Desire2Learn and Partners Receive National Award for Excellence and Innovation
CNIE recognizes Desire2Learn and a partnership between Newfoundland and Labrador's public education institutions
Kitchener-Waterloo Desire2Learn Incorporated today announced that the Canadian Network for Innovation in Education (CNIE) has recognized a partnership between Desire2Learn and Newfoundland and Labrador's public education institutions with the 2010 national Award for Excellence and Innovation in Partnership and Collaboration.
The Newfoundland and Labrador Department of Education, Centre for Distance Learning and Innovation (CDLI), Memorial University's Distance Education and Learning Technologies (DELT) and the College of the North Atlantic's Distributed Learning Service (DLS) partner with Desire2Learn to offer a province-wide system that supports distance education for students regardless of their location, their educational level, or the time of day. This system enables ease of transition and access between institutions for students; supports rural-based education development and delivery; and, contributes to a province-wide learning culture.
The award, which recognizes initiatives that contribute to supporting open and distance education within the primary, secondary and post secondary sectors, was received by the partners on May 18 at the 2010 CNIE conference in Saint John, New Brunswick. This is the second award the partnership has received. The first was the international 2009 Desire2EXCEL Community Service Award. DELT is also a 2009 CNIE award recipient for excellence and innovation in the use of technology for learning and teaching and received CNIE awards in 2008 and 2007 for educational technology and instructional design respectively.
"We have always considered this partnership as a progressive and innovative step toward meeting the needs of learners in our province, but it is an honour to be recognized as such on a national level," says Ann Marie Vaughan, director of DELT, Memorial University of Newfoundland. "In addition to being proud of our award-winning partnership, we are thankful for the collaboration with Desire2Learn as it has enhanced teaching and learning on campus at Memorial, and made a tremendous impact on our learners in rural Newfoundland and Labrador, and the communities in which they live."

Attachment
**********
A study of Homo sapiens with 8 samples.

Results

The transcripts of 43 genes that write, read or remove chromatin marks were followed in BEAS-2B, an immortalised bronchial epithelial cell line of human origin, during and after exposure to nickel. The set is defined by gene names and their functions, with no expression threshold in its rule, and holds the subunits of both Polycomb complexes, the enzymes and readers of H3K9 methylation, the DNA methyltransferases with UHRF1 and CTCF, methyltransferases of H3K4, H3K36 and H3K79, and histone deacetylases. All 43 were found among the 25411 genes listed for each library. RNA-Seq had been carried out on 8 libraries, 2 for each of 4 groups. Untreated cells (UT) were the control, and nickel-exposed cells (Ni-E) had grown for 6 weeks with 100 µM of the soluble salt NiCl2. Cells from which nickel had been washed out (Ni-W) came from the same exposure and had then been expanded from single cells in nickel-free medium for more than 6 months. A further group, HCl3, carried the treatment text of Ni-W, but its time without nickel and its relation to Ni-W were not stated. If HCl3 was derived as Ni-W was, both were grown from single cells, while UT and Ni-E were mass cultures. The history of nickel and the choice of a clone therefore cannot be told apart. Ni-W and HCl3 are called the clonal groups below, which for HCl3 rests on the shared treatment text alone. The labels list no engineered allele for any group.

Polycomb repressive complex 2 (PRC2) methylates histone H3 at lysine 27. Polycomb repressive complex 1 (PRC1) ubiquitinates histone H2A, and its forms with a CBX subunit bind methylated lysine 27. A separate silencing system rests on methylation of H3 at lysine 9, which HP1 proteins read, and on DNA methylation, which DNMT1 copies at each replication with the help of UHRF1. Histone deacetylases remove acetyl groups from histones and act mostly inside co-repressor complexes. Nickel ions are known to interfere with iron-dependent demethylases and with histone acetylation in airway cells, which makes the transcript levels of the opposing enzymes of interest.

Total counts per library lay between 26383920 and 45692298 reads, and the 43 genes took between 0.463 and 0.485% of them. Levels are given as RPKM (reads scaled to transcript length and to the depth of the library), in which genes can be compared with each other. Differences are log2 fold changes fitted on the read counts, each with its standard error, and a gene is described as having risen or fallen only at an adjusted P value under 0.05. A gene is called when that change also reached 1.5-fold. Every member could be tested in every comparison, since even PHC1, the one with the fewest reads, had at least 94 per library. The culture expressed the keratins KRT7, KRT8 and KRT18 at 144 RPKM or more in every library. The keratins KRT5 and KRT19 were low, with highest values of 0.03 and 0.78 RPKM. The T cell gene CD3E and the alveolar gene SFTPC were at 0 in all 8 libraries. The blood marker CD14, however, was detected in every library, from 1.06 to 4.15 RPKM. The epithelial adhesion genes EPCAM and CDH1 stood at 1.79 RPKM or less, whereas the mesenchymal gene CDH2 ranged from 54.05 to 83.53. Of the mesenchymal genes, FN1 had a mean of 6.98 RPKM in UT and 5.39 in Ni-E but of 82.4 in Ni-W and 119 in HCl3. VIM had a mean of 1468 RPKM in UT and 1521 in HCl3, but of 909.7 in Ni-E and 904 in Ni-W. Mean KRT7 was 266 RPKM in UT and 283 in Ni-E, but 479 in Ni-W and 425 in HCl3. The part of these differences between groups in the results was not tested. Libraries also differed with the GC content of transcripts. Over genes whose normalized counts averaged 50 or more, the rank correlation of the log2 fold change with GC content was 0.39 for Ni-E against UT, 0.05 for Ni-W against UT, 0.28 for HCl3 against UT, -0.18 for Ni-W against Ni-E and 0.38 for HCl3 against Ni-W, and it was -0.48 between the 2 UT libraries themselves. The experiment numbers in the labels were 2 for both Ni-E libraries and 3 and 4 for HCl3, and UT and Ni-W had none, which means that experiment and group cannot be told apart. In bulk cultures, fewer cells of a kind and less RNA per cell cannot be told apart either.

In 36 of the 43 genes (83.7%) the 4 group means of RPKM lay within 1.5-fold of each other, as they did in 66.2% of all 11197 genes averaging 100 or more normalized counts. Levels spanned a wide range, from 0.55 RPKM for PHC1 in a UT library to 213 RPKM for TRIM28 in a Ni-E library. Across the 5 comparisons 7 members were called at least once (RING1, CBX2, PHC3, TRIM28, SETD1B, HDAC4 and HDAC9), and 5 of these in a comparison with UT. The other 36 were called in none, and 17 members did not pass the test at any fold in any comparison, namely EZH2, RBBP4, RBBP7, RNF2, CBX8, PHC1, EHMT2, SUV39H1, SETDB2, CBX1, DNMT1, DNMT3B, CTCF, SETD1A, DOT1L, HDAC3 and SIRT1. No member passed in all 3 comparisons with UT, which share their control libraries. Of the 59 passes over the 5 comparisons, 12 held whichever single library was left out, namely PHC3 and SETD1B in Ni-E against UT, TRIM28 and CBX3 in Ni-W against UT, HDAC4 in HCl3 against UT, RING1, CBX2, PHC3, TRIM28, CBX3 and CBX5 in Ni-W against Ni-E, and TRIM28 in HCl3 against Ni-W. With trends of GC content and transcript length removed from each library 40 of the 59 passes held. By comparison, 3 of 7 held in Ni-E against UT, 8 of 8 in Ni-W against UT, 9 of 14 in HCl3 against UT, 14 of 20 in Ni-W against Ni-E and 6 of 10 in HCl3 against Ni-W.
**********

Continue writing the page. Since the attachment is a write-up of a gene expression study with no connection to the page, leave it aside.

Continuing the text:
L to R: John Baker, President & CEO, Desire2Learn; Dr. Chris Loomis, President and Vice Chancellor pro tempore, Memorial University of Newfoundland; John King, former Chair, Distributed Learning Service, College of the North Atlantic; Ann Marie Vaughan, Director, Distance Education and Learning Technologies (DELT), Memorial University of Newfoundland; Jim Tuff, Director, Centre for Distance Learning and Innovation (CDLI), Department of Education
This unique initiative, which provides a common learning management system (LMS) for all online education in the province, is the first of its kind in North America. At Memorial University alone there are more than 500 distance learning sites across the province, with approximately 17,000 students annually availing themselves of the opportunity to address their education needs via the system.
"Our students and instructors are now able to use this world-class software from a Canadian company," states John King, former Chair, Distributed Learning Service, College of the North Atlantic. "The common provincial learning platform is a benefit to learners who participate in all levels of online education in the province and beyond. Our partnership licence, and our knowledge-sharing practice, enables us to leverage the system's extensive capabilities more quickly and more fully. Our students are the real winners in this partnership."
"Our highly collaborative partnership with these innovative and leading edge organizations has been an incredible initiative to be a part of," says John Baker, President & CEO, Desire2Learn. "This award speaks to the value of this unique relationship and is recognition of the tremendous value it provides students, particularly those in rural areas, by providing a common platform as they progress in their academic career and transition between educational institutions in the province."